Location: Roaring '20s
1,771 posts, read 454,152 times
Originally Posted by Sun Belt-lover L.A.M. View Post
Those are Roman seasons, not solar ones. In the solar ones (which is what I'm looking for start/ends to), the respective solstice/equinox is the midpoint of that season.
Those are generally called astronomical seasons. The solar seasons were in common use in medieval Europe. Thus, the term Midwinter or Midwinter's Day for the winter solstice.

The midpoint of solar seasons depends on what you want. The numerical midpoints are easy - just split the difference. If you want to get exact about it, add up the length of an astronomical season, divide by two, and then count the result forward from the beginning of that season (or back from the end).

In the graphic above, the duration of each season is laid out to the nearest minute (for Vancouver, anyway). Dividing that in half gives us 44 days, 11 hours, 45 minutes. Adding that to 8:19 pm on December 21 gives is a solar season midpoint of 8:04 am, February 5th (if my mental calculations are correct). Again, this is for Vancouver. You'll have to do this yourself for wherever you happen to be.

However, it's not quite that simple. That numeric halfway distance is misleading. Notice how winter is the shortest astronomical season, while summer is the longest, with spring and autumn in between (but spring still longer than autumn)? That's because Earth, like all bodies in the solar system, orbits the Sun not in a circle but in an ellipse (technically, a circle is just a special kind of ellipse, but never mind that). And orbiting bodies move fastest through space the closer they are to the bodies around which they orbit and slowest the furthest away they are from that body. And the Earth is currently (as in, this millennia) closest to the Sun in January and furthest from the Sun in July - by about three million miles. The exact date wobbles around through the first week of the month due to our irregular calendar as well as variable gravitational interactions with other planets (mostly Venus and Jupiter) and the Moon; this year it was on January 5th. That's called Earth's perihelion; Earth's aphelion (when it is furthest from the Sun) falls on July 4 this year. Earth's orbital velocity is now slowing and will continue to do so until July 4, when it will begin increasing until it reaches perihelion again. The result of this is that the Earth will complete 1/8th of its revolution around the Sun, marked from its perihelion, before 8:04 am, February 5th.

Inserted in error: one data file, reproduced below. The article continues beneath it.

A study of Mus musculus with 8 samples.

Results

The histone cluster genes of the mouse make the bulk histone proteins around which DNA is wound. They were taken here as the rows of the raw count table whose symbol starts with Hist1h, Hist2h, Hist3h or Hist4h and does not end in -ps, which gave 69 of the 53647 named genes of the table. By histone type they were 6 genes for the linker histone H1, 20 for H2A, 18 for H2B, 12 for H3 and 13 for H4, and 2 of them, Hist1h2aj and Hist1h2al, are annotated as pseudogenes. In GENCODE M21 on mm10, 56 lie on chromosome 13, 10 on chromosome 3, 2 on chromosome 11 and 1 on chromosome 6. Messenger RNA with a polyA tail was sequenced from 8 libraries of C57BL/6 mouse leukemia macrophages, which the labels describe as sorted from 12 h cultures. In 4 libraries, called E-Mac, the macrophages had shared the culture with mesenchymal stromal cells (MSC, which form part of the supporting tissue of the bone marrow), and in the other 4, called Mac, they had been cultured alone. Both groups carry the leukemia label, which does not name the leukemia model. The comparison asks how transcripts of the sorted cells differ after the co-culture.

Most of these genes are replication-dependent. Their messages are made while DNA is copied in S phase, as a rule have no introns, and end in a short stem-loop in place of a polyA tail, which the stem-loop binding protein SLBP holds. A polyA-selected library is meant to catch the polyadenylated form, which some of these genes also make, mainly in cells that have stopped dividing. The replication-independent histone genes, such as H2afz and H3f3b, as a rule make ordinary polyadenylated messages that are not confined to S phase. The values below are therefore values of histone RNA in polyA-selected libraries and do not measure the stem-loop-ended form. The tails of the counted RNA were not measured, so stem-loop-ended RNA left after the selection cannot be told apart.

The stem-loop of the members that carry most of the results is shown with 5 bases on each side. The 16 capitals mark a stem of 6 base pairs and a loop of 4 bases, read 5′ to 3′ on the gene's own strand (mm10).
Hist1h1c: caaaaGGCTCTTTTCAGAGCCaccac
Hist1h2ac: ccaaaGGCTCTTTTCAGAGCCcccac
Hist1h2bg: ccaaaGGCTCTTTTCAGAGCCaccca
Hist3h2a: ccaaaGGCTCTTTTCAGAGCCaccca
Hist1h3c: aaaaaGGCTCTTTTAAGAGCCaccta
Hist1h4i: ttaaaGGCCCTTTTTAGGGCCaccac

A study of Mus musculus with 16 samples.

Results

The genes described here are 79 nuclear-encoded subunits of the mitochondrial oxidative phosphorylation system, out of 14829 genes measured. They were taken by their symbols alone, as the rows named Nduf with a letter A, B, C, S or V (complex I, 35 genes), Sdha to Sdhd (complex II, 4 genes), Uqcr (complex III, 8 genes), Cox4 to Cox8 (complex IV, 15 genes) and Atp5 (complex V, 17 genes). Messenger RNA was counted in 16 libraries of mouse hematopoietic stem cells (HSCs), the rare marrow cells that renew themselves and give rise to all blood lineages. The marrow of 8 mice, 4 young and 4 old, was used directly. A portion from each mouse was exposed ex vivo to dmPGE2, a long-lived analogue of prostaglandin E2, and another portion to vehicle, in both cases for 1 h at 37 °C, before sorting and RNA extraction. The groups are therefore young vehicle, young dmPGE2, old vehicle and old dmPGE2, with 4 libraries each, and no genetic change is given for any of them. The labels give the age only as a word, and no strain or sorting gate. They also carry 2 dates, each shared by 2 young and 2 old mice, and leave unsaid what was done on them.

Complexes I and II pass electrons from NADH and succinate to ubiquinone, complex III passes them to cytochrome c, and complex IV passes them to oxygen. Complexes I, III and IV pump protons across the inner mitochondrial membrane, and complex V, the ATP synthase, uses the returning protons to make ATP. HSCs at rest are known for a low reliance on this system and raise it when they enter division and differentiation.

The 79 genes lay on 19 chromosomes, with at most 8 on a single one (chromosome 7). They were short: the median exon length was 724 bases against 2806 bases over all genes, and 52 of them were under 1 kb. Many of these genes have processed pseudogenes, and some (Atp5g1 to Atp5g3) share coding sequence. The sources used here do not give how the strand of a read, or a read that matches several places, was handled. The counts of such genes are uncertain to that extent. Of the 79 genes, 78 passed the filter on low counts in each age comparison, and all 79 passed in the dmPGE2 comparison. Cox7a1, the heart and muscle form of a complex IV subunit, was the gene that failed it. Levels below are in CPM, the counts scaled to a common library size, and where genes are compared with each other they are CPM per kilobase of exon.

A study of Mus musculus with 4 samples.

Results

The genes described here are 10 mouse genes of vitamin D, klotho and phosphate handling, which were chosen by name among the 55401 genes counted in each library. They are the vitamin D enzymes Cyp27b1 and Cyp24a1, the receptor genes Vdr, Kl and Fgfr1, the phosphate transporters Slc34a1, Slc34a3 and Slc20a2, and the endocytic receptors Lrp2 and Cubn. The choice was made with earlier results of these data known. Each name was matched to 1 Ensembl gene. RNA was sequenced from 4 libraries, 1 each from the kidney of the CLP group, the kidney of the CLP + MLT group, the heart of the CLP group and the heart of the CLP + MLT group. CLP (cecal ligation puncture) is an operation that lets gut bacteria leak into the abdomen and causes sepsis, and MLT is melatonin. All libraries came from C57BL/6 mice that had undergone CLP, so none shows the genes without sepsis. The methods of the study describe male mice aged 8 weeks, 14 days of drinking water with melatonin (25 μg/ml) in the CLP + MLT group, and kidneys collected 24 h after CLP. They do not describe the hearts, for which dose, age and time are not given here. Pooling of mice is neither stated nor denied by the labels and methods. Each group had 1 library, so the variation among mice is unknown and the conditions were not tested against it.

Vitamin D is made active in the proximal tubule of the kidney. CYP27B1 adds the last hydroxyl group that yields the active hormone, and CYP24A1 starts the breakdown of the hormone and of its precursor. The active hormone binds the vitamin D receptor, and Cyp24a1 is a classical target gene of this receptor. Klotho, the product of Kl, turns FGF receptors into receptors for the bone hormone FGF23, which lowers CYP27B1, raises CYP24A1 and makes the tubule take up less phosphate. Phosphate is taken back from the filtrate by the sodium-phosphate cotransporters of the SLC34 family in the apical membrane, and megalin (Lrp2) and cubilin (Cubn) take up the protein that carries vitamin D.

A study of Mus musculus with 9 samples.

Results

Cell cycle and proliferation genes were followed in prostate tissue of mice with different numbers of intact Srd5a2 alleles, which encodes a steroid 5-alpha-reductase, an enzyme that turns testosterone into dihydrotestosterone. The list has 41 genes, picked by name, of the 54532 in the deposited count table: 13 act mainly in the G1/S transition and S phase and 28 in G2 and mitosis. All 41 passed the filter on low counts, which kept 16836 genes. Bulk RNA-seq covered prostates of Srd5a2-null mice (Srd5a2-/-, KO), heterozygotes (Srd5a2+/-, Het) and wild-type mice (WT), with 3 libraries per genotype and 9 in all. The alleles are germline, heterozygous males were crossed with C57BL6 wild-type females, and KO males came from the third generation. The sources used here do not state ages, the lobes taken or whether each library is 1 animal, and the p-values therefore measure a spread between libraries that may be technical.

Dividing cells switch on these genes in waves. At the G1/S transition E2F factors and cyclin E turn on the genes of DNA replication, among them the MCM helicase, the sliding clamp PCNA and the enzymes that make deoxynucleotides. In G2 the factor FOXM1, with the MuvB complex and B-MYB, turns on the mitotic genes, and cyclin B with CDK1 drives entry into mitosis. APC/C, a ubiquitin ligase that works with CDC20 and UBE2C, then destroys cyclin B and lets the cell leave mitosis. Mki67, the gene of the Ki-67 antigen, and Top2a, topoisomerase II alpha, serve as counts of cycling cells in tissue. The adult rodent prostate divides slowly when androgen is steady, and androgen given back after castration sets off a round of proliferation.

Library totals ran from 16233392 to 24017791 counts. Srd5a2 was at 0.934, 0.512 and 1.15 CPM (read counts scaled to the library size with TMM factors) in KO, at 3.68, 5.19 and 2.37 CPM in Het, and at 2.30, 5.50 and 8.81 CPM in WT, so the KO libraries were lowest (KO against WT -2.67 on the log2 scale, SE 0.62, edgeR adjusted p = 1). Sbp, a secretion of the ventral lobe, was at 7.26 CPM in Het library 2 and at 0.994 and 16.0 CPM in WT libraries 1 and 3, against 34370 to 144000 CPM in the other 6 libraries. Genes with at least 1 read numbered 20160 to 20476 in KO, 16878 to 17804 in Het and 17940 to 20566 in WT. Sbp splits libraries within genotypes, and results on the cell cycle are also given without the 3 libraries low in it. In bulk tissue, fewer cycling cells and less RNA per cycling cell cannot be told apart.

So, how the heck do you calculate that? You don't! However, I did a little digging. The midpoint of solar seasons occur at 45 degrees (spring), 135 degrees (summer), 225 degrees (autumn) and 315 degrees (winter) of solar longitude. And the internet - yay! - hosts a solar longitude calculator. Turns out that 315 degrees of solar longitude occurs as precisely 2020-02-04 15:27:22 UTC. That's Coordinated Universal Time, also known as Greenwich Mean Time. You'll need to know your local UTC offset. For example, I live in North America's Central Time Zone, so my offset is -6 (ie, exactly 315 degrees of solar longitude will occur at precisely 2020-02-04 09:27:22 CST) now, during Standard Time. When Daylight Saving Time kicks in my offset will be -5.

Here's the calculator. Just plug in the relevant solar longitude (again, 45 for spring, 135 for summer, 225 for autumn, 315 for winter) and the year (twice) and you'll get your precise solar season midpoint in UTC. Then adjust per your offset.